She knows importance of raising children

It doesn't take long to figure out Diane Stirland Matthews' six favorite topics: Karlyn, Marshall, Louise, Nicole, Shannon and Blake.

As a mother, she is quick to talk of her children's successes in academics, athletics, music and dance, or speak of their contributions to the Church, their ability to construct beautiful cabinets, or care for a garden.What else is there to discuss? she questions. After all, for the past 36 years, her children have been her focus.

Sister Matthews of the Southern Estates Ward, Mesa Kimball Arizona Stake, on May 2 was named 1998 National Mother of the Year by American Mother's Inc., but is quick to explain that her most important title is mother of her children.

"If I have ever done anything of any note it is the raising of my family," she said.

In her new role as a national representative, Sister Matthews hopes to help others understand the importance of motherhood.

For her, being a mother - which is never an easy task - was especially demanding. Fifteen years ago, in April 1983, her husband, Elmo G. Matthews, died of a heart attack.

After his death, the then 42-year-old mother called her children - who ranged in age from 20 to 3 years old - together in her bedroom. "At that time we simply committed ourselves to one another, that we would be there for one another," she recalled. "We committed that we as a family would build on the foundation that their father had laid for them."

She pulled her children out of everything they were doing - music and dance lessons and Little League baseball. Then together they began to put their lives back together - before they branched out into other things again. Her 3-year-old son took responsibility to take out the family garbage. Her 5-year-old daughter was given responsibility of helping with breakfasts.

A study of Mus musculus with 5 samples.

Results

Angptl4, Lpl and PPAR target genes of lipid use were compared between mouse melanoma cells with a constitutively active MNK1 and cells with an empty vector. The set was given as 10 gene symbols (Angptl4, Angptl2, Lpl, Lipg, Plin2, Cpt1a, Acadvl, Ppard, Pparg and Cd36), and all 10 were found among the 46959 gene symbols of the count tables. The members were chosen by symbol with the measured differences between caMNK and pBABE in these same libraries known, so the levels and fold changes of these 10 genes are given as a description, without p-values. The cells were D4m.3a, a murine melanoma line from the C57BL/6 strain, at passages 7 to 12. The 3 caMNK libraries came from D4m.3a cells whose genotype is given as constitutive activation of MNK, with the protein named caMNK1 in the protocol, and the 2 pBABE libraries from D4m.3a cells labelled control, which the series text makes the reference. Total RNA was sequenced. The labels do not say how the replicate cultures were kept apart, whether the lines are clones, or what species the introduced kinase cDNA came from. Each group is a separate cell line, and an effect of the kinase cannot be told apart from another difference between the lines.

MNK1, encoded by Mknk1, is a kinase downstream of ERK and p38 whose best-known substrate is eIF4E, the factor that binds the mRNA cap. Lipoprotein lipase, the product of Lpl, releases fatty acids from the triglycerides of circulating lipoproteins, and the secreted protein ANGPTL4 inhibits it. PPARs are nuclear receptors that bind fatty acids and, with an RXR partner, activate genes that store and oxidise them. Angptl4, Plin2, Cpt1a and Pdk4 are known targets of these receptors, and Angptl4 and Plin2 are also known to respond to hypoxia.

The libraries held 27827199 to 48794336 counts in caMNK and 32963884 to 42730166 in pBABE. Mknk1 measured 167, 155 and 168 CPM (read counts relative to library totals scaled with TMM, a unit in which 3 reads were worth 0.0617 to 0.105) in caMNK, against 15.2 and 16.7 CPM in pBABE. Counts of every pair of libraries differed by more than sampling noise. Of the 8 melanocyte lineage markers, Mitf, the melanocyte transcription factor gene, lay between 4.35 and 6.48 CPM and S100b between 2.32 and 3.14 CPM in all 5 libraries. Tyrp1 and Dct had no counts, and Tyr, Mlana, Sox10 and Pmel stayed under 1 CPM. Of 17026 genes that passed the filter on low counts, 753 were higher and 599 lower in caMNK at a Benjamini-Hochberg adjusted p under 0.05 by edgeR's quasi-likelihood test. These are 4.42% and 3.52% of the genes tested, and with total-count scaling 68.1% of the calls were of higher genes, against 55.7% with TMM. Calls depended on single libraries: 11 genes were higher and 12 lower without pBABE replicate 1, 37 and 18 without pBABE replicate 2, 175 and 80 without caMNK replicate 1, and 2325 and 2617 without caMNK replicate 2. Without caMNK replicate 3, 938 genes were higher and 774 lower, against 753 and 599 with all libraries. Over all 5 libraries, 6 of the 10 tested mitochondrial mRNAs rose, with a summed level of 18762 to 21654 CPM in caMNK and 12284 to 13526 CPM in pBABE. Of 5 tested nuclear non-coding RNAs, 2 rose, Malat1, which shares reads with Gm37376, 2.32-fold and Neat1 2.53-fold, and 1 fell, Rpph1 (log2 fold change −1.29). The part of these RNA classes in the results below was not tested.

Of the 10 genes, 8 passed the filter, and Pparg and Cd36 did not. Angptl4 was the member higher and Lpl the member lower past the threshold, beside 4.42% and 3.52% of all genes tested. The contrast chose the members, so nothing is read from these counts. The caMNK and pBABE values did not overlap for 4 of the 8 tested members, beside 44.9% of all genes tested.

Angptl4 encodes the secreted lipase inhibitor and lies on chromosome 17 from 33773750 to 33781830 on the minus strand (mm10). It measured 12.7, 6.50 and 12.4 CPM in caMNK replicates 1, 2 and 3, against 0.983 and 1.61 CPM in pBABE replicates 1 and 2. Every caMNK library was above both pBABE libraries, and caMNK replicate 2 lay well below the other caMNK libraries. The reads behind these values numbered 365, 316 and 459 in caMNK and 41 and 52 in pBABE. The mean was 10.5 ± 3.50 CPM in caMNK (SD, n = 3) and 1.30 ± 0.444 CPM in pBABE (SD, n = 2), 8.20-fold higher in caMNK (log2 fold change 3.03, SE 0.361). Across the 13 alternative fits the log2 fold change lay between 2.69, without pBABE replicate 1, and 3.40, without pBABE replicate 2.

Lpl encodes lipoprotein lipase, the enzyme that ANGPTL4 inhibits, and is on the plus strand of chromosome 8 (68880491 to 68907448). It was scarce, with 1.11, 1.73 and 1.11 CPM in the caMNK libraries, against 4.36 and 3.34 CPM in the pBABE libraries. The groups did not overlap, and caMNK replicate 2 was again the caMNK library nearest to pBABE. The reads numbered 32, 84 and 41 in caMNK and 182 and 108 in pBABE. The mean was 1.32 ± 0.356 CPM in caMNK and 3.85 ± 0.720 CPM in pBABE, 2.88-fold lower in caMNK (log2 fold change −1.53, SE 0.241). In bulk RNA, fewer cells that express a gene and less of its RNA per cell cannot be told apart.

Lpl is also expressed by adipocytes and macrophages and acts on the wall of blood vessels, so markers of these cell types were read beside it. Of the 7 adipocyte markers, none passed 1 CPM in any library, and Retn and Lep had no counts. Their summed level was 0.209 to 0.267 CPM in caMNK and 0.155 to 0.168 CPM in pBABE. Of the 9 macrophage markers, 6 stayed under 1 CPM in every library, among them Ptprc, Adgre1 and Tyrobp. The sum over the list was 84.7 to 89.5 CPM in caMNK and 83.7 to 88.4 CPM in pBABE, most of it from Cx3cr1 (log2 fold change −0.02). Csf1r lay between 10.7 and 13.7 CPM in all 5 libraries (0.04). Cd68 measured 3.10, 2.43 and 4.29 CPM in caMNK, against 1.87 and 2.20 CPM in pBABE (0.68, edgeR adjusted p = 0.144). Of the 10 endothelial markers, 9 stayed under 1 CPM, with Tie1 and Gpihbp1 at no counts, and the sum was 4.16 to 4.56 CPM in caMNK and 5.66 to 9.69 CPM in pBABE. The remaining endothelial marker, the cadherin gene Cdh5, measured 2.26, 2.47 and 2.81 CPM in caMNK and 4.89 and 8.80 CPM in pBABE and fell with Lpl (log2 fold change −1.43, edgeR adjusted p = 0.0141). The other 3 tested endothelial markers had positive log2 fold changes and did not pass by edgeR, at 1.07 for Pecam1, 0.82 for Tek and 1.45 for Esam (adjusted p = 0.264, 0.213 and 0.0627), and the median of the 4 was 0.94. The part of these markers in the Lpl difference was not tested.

"One morning she decided she was going to make pancakes. We got more batter on the stove than on the grill," she recalled, noting that all of her children eventually benefited from the extra responsibility.

Sister Matthews, who had graduated from BYU in education, went back to work, teaching school. Then she realized the toll her absence from home was having on her children and herself. So she quit teaching and continued her husband's business, working out of her home. "At least then I was there and my children felt my presence," she said. "It required personal sacrifice, but the blessings far exceeded anything."

Some people told her after her husband's death that she needed to do things for herself - go out with friends and even date. "But I had brought six children in the world," she said. "I couldn't absolve myself of the responsibility to be their mother first."

Today her children would still rather spend time together than with others - they vacation together and sing together. Sister Matthews credits much of their closeness to the "crisis living" years, when they had to pull together and work to keep the household running. She could have never made it through those years without them - and they could have never made it without her or each other.

During her term as national mother, Sister Matthews hopes to spread the message of the importance of family. "My message is to encourage women, in their efforts as mothers, to find a way to spend family time together," she said.

After all, there is nothing she would rather do than spend time with - or at least talk about - her children.